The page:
Johnson’s ‘out of sight, out of mind’ Rwanda policy
Refugees add so much to the local economy, so why are they being sent from Europe to the Global South? On World Refugee Week, Dr Washika Haak-Saheem writes for Leading Insights.
Natural disasters, conflicts and violence around the world have displaced millions, and the number of refugees in the world is only growing. Before the COVID-19 pandemic, the UN High Commission for Refugees estimated that there were 82.4 million refugees – people who were internationally displaced. In 2022, the Russian invasion of Ukraine added, depending on who was doing the estimations, at the peak almost five million additional people to that list.
To the countries that welcome them, refugees are an important population. They contribute to economies as workers, innovators, entrepreneurs, taxpayers, consumers and investors. Their efforts can help create jobs, raise the productivity and wages of local workers, lift capital returns, stimulate international trade and investment, and boost innovation, enterprise and growth. Refugees have made a massive cultural, social and economic contribution to life in the UK in the last 460 years.
Unfortunately, refugees have been subject to various forms of societal inequalities and precarious conditions which have appalled many local citizens and politicians. Their vulnerability and lack of voice lead often to discrimination in the host countries, where refugees are subject of racism, racial discrimination, xenophobia, and related inequality. The decision of the UK government to outsource refugees to Rwanda follows a trend across Western nations to export refugee related challenges to the Global South. Prime Minister Boris Johnson recently reiterated the popular discourse that presumes single men travelling to the UK are “economic migrants taking advantage of the asylum system”, even though officials have yet to hear the asylum claims of those crossing. Such claims not only violate refugees’ rights, but bolster a culture of suspicion among the public that non-White migrants - especially men - represent a threat. This endangers refugees instead of protecting them. Similar rhetoric across Europe has shaped racist, xenophobic border policy since the refugee crisis in 2015.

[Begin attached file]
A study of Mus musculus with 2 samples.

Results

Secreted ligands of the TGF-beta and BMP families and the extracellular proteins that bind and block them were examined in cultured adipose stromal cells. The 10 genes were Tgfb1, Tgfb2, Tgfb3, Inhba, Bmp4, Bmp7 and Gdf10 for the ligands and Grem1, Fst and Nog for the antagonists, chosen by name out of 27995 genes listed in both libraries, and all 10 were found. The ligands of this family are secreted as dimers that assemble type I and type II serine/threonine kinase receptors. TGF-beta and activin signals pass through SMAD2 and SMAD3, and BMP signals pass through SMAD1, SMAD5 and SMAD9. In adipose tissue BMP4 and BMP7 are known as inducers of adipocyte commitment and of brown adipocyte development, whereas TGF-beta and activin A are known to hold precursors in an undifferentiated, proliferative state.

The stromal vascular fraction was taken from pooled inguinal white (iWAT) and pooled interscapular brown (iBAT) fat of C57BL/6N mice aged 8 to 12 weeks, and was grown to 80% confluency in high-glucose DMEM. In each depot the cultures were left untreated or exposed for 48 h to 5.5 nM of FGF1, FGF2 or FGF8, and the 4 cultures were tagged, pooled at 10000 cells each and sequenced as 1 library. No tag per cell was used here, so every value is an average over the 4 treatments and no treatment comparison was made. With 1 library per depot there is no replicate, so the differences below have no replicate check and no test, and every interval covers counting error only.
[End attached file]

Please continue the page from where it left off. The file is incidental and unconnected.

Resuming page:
Despite sizeable refugee populations settling in Europe, policy and the public have failed to integrate refugees. Unemployment and underemployment are endemic. Without further government support, well-meaning employers and volunteers are forced to rely on inadequate resources, meaning that they get personally discouraged. As the integration of refugees is a dynamic and varied process, it requires the effort of governments, organizations, citizens and refugees themselves. Instead of formulating policies based on the notion ‘out of sight out of mind’, governments should start a productive dialogue with businesses, local communities, international organizations and refugees to develop more sustainable solutions.